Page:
The bloody decimation of the “Shanghai massacre of 1927” by Kuomintang reactionaries nearly strangled it in the cradle;
The ensuing “white terror” and smothering enemy sieges brewed suspicion in its own ranks over how long it would be able to “keep the red flag flying”;
No sooner had it secured State power in 1949 than isolation and blockades by ideological foes on the other side of the “iron curtain” raised doubt about it sustaining the newborn People’s Republic;
The collapse of communist parties in the former Soviet block prompted prophecies about its demise – 20 years ago;
Yet the Communist Party of China (CPC) is still securely, assuredly and adroitly behind the helm of the country with the trust of 1.3 billion people, still brimming with youthful vigor.
The color red may offend some eyes. The adjective “communist” may invoke fear and hysteria in some minds. The “red songs” expressing appreciation of and gratitude to the Party may grate on some ears.
But there is one simple truth about the present-day Chinese political landscape that cannot be denied – the CPC’s leadership remains firmly at the heart of the nation’s achievements.
For the average Chinese, what matters now is not whether the CPC should continue to command the center stage. It is how it can deliver better governance, and provide more sophisticated and enlightened leadership in the nation’s pursuit of harmony and further prosperity.
There have been less than “great, glorious, and correct” episodes in the CPC’s 90-year history, the most recent being the chaos and devastation of the “cultural revolution” (1966-1976), at the end of which the State apparatus was dysfunctional and the economy was in extreme difficulties.
But the CPC is what and where it is because of its ability to learn the lessons of the past and to advance with the times. And the Chinese people treasure that. They are grateful to the CPC for what it has delivered, and full of optimism about what it will bring in the future.
From the socialist market economy to socialism with Chinese characteristics, the people-first governance philosophy, scientific outlook on development, as well as the ideal of a harmonious society, the CPC has been continually learning and growing, improving the lives of the people and winning the hearts of new generations.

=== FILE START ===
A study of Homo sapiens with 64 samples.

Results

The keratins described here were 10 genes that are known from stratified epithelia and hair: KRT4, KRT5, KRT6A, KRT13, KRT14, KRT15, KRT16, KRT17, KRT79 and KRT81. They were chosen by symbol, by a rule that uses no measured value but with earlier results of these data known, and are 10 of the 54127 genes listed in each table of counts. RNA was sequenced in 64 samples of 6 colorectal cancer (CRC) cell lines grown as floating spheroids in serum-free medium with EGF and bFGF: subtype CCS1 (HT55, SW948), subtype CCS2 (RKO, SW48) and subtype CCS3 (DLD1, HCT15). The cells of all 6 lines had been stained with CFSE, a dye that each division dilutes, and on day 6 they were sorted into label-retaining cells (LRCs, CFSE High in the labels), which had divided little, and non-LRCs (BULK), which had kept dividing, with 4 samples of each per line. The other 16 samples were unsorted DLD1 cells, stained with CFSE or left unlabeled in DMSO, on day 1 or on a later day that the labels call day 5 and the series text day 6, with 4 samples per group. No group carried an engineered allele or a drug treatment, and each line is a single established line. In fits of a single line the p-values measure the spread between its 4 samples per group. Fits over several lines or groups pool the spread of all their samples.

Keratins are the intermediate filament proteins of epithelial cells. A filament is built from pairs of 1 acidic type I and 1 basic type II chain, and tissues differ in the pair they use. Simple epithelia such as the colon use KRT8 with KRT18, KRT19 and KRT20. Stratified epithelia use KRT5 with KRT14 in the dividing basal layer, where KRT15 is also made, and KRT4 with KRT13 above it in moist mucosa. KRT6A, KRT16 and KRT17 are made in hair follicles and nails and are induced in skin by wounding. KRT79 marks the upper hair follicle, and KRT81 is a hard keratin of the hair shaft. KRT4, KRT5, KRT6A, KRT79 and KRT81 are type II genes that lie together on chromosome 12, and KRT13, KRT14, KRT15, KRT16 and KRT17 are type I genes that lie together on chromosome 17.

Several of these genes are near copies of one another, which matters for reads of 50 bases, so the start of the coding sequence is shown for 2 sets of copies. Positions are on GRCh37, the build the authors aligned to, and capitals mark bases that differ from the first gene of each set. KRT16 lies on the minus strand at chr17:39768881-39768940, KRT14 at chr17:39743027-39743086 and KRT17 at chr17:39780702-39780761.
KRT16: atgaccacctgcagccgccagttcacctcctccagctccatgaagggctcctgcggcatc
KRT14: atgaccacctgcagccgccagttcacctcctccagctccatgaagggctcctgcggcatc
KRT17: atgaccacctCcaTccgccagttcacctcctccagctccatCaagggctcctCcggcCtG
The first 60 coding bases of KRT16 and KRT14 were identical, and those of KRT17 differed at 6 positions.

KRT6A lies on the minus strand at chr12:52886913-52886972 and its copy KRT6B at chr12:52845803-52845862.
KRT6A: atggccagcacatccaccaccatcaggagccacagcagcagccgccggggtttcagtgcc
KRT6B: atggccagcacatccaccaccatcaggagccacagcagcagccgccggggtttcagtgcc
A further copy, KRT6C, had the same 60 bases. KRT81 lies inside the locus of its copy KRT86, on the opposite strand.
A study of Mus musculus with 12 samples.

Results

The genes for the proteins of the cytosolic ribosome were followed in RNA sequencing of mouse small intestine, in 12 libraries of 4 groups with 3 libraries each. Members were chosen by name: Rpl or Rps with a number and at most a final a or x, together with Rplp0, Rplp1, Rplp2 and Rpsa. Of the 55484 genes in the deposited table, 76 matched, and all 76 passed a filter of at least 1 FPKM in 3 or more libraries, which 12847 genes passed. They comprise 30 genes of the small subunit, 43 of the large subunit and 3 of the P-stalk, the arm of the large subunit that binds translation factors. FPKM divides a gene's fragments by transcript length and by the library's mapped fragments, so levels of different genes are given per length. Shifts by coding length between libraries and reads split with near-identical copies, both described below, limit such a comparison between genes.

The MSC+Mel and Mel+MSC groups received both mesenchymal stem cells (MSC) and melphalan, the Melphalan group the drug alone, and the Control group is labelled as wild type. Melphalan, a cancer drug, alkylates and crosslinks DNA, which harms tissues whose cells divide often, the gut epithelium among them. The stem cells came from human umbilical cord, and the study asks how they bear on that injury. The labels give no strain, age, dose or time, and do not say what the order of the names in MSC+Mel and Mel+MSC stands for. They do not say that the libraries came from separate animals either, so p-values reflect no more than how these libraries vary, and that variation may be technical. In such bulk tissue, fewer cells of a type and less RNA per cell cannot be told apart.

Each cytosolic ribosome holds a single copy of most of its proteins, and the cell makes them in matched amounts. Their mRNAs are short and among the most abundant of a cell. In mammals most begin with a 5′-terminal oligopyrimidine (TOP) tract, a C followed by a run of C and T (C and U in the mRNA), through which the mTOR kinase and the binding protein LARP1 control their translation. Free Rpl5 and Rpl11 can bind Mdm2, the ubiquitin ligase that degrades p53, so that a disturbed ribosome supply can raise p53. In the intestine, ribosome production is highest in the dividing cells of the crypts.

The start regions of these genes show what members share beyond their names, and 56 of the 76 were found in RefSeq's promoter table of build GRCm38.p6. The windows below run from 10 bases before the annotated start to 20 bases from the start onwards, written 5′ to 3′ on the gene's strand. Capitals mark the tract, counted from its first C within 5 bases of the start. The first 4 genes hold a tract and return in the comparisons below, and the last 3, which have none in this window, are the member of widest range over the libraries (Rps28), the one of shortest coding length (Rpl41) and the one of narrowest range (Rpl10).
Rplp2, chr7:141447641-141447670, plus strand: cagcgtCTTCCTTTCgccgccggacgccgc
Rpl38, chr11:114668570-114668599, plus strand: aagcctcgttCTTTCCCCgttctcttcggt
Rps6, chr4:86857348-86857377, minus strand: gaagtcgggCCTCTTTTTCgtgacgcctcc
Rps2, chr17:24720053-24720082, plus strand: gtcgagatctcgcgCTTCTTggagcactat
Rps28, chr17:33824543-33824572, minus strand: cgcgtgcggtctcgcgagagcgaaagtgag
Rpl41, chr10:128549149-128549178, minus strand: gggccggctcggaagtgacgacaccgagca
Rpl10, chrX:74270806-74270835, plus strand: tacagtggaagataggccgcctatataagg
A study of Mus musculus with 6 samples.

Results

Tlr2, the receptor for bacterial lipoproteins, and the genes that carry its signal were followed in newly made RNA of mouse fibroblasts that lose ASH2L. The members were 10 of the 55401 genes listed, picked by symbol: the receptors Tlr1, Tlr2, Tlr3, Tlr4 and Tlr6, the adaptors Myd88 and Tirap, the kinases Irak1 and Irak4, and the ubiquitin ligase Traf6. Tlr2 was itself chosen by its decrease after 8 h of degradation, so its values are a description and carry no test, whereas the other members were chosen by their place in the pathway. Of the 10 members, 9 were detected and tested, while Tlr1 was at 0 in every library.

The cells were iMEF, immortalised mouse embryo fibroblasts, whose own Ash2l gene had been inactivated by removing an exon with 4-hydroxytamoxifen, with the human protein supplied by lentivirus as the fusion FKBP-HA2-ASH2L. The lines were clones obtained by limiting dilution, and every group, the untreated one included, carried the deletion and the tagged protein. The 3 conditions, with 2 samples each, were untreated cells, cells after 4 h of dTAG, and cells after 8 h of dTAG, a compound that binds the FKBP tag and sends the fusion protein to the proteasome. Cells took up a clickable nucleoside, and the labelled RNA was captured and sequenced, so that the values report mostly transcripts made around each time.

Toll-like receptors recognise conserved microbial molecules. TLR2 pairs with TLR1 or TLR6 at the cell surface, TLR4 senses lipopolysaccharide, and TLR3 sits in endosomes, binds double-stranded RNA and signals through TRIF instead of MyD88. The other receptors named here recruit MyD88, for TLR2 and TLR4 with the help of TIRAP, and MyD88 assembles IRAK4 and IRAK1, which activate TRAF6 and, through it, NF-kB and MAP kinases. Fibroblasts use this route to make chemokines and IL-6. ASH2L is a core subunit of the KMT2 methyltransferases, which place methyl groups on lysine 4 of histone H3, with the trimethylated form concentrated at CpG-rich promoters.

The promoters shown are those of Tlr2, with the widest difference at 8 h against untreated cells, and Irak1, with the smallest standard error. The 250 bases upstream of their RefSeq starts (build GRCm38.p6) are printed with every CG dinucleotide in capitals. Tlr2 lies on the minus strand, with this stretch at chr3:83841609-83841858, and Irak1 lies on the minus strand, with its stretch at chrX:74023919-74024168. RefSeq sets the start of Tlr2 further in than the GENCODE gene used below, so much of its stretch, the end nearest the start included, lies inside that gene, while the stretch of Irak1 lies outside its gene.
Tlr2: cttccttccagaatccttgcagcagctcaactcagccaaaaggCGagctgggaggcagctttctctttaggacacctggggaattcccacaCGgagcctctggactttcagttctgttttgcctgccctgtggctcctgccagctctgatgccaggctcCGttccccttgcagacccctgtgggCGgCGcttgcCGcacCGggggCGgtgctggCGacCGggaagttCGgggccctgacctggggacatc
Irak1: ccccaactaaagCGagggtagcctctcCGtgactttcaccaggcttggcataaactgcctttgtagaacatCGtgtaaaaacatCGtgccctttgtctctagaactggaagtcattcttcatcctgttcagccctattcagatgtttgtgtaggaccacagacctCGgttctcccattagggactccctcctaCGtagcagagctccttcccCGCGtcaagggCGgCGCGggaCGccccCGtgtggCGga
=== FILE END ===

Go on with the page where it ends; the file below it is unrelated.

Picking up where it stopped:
Never before have the Chinese people experienced such rapid improvements in their standard of living and in the nation’s comprehensive strength and international prestige. Never before have the Chinese people been so free to decide where and how to work and live. Never before have they been so proud of China on the world stage. And they know all the good tidings are in one way or another attributable to the CPC’s fine helmsmanship.
Ask anyone on the street why he or she is by and large comfortable with the country’s political status quo, and one will hear words of praise for the disaster relief during the 1998 floods and the earthquakes in Wenchuan and Yushu, or for the country’s remarkable performance in weathering the last two international financial meltdowns. This is how ordinary Chinese people gauge the competence of their leadership.
That was why in a recent Ministry of Education poll almost 90 percent of college students were optimistic the CPC would become an even better leader, and why nearly 80 percent wanted to join it.
But the Party is not taking that for granted or resting on its laurels. Early in 2004 the Fourth Plenary Session of the 16th CPC National Congress stated: “The Party’s governing status is not inherent, nor does it hold good for all time.” The Party’s keen awareness of the imperative to continually improve is obvious in its definition of the present as a “stage when contradictions present themselves” and its latest call to enhance “social administration”.
Over its 90 years the CPC has grown from an underground organization with only a few dozen under its banner into a 80-million strong party thanks in part to its ability to adapt and respond to the changing needs of the time. The Party’s current efforts to create a fairer society are inspiring a more responsive interface with the public and improving the self-discipline of officials. Narrowing wealth gaps and curtailing corruption will entail a strong will and perseverance. The “inclusive growth” the CPC is striving for will be an achievement worth celebrating.
No matter how unwilling some might be to see it, people in China are confident that the CPC will lead them to an even brighter future.